How to Make Green Tea

How to Make Green Tea: A Beginner’s Guide

Want to make your own green tea at home? Learn how to make green tea perfectly in this guide to the different ways to prepare it.

Whether you’re sipping away for relaxation, health, or just for the taste, green tea makes an excellent addition to your daily routine.

This light, fragrant drink is rich in antioxidants and nutrients that have been linked to a decreased risk of cancer and dementia. Plus, green tea has been proven to support weight loss when added to a healthy diet and exercise plan.

But, if you want to enjoy all the health benefits and bold taste green tea has to offer, you’ll need to know how to brew it properly. If you’re wondering how to make green tea at home, keep reading. We’ll walk you through the process and share our top tips for brewing the perfect cup.

Get to Know Green Tea

Green tea is made from the same plant, Camellia sinensis, as black and oolong tea. And, it’s grown in the same regions, primarily in China and India. What makes green tea different is how it’s picked and processed.

Green tea leaves are the freshest and newest leaves on the plant, picked from its apex. This new growth is richer in vitamins and nutrients than the mature leaves used for other brews. And, it has a more delicate flavor.

Once harvested, green tea leaves don’t undergo an oxidation process. The result is a dried leaf that remains rich in antioxidants, unlike other teas.

How to Make Green Tea: Our Top Tips

If you’re hoping for a delicious cup of green tea, loaded with health benefits, you’ll need to start with high-quality leaves.

Loose tea is usually fresher than bagged tea. And, because the tea is allowed to breathe, it’s often tastier, too.

Keep in mind that tea doesn’t last forever, even though it’s dried. If your supply has been sitting around in the cupboard for months untouched, your best bet is to buy a new bag.

You can extend the life of your green tea, regardless of quality, by storing it in a sealed airtight container out of direct sunlight.

Serving Size

You’ll want to start with one teaspoon of tea leaves (or one teabag) for every cup of water. In the future, you might prefer a stronger or weaker brew, but this basic green tea recipe is the perfect starting point.

Time

For a perfectly balanced tasting cup of green tea, you’ll want to let the leaves steep for two to three minutes.

So, if you want a weaker tasting tea, you can reduce the time. But, brewing green tea for longer than three minutes usually delivers a bitter taste.

If you’re brand new to tea making, start by brewing a cup for two minutes. Then, give it a taste every 30 seconds until you find the perfect flavor.

Temperature

Boiling water is too hot for green tea making, because of the leaf’s delicate flavor.

Using water that is too hot will result in a bitter and astringent flavor. And, using water that is too cold won’t extract the tea’s full flavor.

If you don’t want to use a thermometer to watch the perfect water temperature, we’ve got a trick for you.

Watch the water in your pot as it warms up. Soon, you’ll see tiny bubbles beginning to form on the bottom. Once these small bubbles form small but steady streams rising toward the surface, your water is ready.

Straining

If you’re using loose tea instead of teabags, you’ll need to strain it after steeping.

A traditional “ball” strainer works well for brewing green tea, as long as its exterior is made from fine mesh. Larger holes will allow pieces of tea to pass through, creating sediment and bits at the bottom of your cup.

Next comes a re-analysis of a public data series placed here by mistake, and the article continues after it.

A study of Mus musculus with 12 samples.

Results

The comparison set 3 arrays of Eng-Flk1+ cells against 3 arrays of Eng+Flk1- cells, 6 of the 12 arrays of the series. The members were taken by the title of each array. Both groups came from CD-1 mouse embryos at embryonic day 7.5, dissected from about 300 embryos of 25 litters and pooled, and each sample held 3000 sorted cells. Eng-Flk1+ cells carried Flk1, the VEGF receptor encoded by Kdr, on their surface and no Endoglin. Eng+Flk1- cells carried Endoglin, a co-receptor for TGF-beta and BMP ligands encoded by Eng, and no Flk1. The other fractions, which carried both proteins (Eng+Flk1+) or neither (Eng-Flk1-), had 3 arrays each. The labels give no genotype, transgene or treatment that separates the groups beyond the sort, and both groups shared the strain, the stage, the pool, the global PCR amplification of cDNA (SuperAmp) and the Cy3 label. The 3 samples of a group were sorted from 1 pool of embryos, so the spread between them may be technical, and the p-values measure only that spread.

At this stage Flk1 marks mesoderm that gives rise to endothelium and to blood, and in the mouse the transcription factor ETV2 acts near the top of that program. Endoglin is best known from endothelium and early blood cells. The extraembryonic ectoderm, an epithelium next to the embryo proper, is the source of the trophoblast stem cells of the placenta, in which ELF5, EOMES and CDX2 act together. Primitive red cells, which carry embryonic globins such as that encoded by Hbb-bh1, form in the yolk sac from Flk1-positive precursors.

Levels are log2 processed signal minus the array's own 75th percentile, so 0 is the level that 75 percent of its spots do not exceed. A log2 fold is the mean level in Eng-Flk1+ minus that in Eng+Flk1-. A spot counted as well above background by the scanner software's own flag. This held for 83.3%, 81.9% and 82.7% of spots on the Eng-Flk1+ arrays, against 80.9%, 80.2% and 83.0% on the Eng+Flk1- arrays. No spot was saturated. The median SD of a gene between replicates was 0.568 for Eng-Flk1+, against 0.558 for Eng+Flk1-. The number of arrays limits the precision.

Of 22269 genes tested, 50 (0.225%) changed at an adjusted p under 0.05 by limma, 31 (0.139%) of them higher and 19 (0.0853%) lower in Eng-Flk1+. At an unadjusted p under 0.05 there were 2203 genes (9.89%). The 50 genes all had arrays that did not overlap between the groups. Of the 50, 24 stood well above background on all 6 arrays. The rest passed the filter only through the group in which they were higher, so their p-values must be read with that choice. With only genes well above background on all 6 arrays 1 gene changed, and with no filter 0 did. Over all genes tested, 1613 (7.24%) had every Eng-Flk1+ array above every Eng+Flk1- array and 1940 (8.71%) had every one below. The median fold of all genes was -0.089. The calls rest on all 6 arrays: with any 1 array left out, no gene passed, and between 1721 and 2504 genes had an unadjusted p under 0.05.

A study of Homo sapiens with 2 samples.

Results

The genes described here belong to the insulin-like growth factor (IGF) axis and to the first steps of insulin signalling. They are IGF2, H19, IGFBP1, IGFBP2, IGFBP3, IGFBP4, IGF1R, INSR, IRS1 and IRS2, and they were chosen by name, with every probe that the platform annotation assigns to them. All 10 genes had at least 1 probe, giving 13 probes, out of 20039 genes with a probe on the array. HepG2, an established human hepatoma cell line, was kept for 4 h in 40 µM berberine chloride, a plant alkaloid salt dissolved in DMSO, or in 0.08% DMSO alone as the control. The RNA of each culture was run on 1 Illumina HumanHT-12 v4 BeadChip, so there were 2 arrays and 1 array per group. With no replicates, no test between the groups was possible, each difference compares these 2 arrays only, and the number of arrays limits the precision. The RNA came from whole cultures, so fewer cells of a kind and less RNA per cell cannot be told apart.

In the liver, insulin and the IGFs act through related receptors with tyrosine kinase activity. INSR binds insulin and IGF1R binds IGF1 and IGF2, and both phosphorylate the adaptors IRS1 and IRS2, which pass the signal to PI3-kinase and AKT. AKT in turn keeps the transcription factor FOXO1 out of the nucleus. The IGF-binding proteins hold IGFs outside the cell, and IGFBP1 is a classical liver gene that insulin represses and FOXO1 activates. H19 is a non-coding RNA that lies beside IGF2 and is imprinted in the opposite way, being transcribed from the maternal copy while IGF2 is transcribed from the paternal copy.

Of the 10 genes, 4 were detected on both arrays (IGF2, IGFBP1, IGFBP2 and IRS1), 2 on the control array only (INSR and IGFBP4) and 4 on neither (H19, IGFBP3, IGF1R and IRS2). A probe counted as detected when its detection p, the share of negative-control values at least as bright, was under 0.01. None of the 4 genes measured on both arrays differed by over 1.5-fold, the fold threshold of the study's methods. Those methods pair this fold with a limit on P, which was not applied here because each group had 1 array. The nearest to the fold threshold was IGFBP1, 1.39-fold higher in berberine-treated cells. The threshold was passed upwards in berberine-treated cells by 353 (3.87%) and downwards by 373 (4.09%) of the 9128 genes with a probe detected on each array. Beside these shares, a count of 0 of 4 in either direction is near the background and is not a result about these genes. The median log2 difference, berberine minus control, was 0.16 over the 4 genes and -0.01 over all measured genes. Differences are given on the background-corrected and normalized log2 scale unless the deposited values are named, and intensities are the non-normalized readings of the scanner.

Some strainers, designed to rest on the top of a teacup, work well for tea fanatics on the go. This style is easy to take to work or carry along when you travel.

If you enjoy the convenience of tea bags but prefer the taste and quality of loose tea, you can also buy empty bags and fill them yourself. Be sure to opt for an unbleached paper sachet if possible.

Extra Ingredients

Unlike black teas, you’ll never want to add milk to this brew.

Instead, opt for a spoonful of honey or a squeeze of citrus. If you aren’t a big fan of green tea’s “grassy” flavor, try adding a fresh sprig of mint, a stick of cinnamon, or a small amount of fresh fruit to your cup during brewing.

Alternative Methods

Green tea originated in China, where it has been consumed for centuries. But, as it has grown in popularity, it’s become an everyday household tea found in homes around the world.

So, it’s no surprise that there is more than one method for brewing.

Powdered green tea, often referred to as Matcha, is traditionally used during Japanese tea ceremonies. But, its unique taste and concentrated levels of caffeine and antioxidants make it a top pick among green tea enthusiasts.

Just like coffee, tea can also be cold brewed. This method requires a much longer period for steeping, but the results are worthwhile. Cold-brewed green tea has a milder flavor and even more antioxidants than a traditionally made cup!

Teatime

Now that you’ve learned how to make green tea at home, you’re ready to brew your first mug.

Remember, use the highest quality tea leaves you can, and start with the basic recipe for how to make green tea at home. You can always modify this traditional method once you’re comfortable with the standard serving size, steeping time, and temperature.

And, once you’re familiar with the taste of traditional green tea, go ahead and try a few classic variations on the original.

Jasmine green tea is one of the most floral options, perfect for drinkers who don’t enjoy a strong “grassy” flavor. For those who prefer their brew a little bit bolder, a powerful leaf like Chinese Gunpowder might be best. And, the Japanese variation, Sencha, is ideal for creating a sweet and mild blend.

Check out our other blog posts for more information on the best tea blends from around the world, and how to enjoy them at home!